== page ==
Last month celebrated the end of one phase of a legislative process that may impact the tax-qualified sales of U.S. pensions, annuities and ERISA products. In support of the National Association for Fixed Annuities (NAFA), I had the opportunity to join a group of associations in visiting the offices of Senator Orrin Hatch to strategize about support for his Secure Annuities for Employee (SAFE) Retirement Act of 2013. Much work was done during these few days to contribute to the bill’s language.
The purpose of the Act is to provide new solutions for public and private pensions in the U.S. and streamline ERISA provisions, which are cumbersome and can inhibit savings. The bill allows public pensions to use insurance companies to insure these lifetime defined benefit plans. The hope is that many state and local governments, while trying to dig out from their highly underfunded and compromised pension plans, will adopt the new insurance company-offered SAFE plans, which will guarantee benefits and premiums, thereby eliminating the budgetary temptation to project overly optimistic future investment returns to mask underfunding. For private pensions, it makes starting a 401(k) easier, increases contribution limits and simplifies regulatory burdens.
The law seems like an obvious improvement to public pension systems and offers an expanded business opportunity for large insurance companies who would decide to provide them. The ramifications of the bill’s passage may seem limited for individual life insurance and annuity agents, but one final provision could have dramatic impact. The Department of Labor (DOL) is in the process of re-issuing a proposal for a fiduciary standard for all qualified plans. If enacted, the DOL’s rule would require all qualified plans, including individual IRAs, to be held to a fiduciary duty standard of care, thereby requiring all actions to be in the best interests of the client, with fee-only compensation for the broker. The Hatch bill would return authority to the Treasury Department to prescribe rules for the professional standard of care owed by brokers and investment advisors, and would require consultation with the SEC.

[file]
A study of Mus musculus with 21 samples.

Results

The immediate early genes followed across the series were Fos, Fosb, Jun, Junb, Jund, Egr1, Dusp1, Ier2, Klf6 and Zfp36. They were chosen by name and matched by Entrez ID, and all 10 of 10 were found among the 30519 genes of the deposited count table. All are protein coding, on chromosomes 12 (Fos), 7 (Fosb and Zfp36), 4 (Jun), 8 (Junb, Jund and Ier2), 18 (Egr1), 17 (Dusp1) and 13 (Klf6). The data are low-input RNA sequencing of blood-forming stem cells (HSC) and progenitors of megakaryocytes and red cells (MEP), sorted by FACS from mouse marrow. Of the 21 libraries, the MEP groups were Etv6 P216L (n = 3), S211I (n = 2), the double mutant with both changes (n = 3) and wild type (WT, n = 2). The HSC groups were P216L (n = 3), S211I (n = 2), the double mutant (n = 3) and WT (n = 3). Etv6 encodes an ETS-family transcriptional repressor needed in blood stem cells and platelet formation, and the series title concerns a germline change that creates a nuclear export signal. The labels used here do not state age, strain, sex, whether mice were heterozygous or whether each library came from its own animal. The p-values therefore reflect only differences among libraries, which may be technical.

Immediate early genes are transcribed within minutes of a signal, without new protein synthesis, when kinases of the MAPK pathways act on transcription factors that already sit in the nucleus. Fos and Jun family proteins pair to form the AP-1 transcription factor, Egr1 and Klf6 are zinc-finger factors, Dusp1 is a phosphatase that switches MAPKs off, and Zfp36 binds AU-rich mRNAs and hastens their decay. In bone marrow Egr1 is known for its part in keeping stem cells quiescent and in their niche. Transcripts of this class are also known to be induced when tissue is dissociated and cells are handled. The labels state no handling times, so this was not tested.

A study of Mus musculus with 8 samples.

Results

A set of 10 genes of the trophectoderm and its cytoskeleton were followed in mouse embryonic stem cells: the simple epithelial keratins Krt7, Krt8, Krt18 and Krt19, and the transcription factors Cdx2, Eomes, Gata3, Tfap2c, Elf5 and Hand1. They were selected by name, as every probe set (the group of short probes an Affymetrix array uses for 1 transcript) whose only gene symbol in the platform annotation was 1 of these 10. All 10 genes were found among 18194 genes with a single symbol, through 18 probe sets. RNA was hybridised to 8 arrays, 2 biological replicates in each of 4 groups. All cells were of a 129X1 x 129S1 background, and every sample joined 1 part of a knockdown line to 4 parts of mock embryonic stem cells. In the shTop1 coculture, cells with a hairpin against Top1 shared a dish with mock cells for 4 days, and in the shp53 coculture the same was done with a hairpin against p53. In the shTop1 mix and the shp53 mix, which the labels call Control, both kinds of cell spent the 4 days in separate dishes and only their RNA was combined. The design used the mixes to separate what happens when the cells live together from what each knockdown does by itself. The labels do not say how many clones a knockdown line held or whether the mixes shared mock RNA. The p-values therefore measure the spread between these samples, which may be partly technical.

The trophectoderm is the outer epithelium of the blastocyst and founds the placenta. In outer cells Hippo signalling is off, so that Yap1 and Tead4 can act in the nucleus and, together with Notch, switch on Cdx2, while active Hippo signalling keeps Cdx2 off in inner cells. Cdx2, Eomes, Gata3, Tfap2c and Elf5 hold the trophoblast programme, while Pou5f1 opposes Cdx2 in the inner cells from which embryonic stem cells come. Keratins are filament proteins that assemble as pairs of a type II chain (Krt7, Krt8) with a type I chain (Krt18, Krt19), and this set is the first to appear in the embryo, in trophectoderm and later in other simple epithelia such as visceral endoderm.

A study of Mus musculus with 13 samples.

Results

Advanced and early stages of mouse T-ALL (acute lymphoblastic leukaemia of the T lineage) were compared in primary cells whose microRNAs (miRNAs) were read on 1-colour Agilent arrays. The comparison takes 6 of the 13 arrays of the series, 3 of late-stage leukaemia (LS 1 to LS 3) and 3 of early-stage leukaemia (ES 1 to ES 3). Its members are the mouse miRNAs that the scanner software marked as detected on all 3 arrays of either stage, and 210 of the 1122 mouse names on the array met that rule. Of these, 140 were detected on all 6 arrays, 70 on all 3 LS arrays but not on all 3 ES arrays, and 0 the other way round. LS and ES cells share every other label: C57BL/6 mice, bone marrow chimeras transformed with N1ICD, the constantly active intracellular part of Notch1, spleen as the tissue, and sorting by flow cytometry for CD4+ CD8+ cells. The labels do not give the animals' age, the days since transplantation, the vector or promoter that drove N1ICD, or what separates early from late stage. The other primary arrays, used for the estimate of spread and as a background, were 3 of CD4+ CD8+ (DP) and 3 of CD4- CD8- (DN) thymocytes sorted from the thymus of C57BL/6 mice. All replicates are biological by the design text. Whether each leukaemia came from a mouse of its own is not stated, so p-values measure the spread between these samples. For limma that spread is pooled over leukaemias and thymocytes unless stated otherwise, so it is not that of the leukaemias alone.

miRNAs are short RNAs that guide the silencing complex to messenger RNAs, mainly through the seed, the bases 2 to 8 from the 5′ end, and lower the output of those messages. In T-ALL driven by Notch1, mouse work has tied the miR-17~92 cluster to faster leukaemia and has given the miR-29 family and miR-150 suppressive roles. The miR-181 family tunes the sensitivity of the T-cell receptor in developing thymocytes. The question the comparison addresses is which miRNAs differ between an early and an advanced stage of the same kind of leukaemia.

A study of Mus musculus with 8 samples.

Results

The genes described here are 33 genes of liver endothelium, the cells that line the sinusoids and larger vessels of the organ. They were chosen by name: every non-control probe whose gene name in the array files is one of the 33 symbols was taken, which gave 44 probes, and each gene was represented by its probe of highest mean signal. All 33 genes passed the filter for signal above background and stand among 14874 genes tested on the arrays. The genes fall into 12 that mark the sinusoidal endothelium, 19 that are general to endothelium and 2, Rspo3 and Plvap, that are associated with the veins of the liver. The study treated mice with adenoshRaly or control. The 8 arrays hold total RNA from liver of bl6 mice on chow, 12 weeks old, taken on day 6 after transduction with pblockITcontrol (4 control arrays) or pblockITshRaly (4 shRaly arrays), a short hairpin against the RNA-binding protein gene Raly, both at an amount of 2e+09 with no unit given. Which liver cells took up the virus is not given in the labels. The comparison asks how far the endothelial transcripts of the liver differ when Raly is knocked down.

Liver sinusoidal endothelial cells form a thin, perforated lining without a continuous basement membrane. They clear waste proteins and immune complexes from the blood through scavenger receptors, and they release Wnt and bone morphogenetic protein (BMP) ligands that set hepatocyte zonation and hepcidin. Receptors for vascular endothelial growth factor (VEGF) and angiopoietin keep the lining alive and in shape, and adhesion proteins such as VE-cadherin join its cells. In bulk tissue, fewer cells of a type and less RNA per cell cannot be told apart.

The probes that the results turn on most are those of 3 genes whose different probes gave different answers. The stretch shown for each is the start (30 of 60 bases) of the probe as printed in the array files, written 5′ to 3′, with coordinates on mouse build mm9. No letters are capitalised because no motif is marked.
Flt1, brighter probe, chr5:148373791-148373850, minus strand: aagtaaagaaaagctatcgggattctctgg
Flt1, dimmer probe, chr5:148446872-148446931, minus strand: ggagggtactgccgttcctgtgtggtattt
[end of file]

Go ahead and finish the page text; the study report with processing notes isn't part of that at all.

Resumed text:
The fact that there would be two standards of conduct for exactly the same products, one qualified and one non-qualified, is solely a result of DOL’s authority over the former, but not the latter. Adding a fiduciary requirement could reduce access to needed financial products and services for lower income and middle-market customers, since commissioned agents could no longer provide advice. Fifty-two percent of the total fixed annuity market is in qualified accounts. Additionally, stringent suitability standard of care is already in place as a result of diligent work to develop regulation several years ago by insurance companies, regulators and NAFA. As a result, National Association of Insurance Commissioners (NAIC) Complaint Data shows that total DOI complaints against indexed annuities dropped 81 percent between 2008 and 2011, and only one complaint per $660 million was filed in 2011. This is infinitesimal compared to securities and variable annuity complaints.
As you may remember, flush from the success of defeating SEC’s benighted Rule 151A via the Harkin amendment to the Dodd-Frank legislation, we predicted that more battles awaited, which could once again require all of our lobbying and communication efforts. Already, some editorials have attacked the Hatch bill. Senator Hatch asked for our efforts to make public the benefits of the bill and counter those who would obstruct the benefits of enhancing U.S. pensions. I will keep you informed as we support our industry and the interests of all of our customers.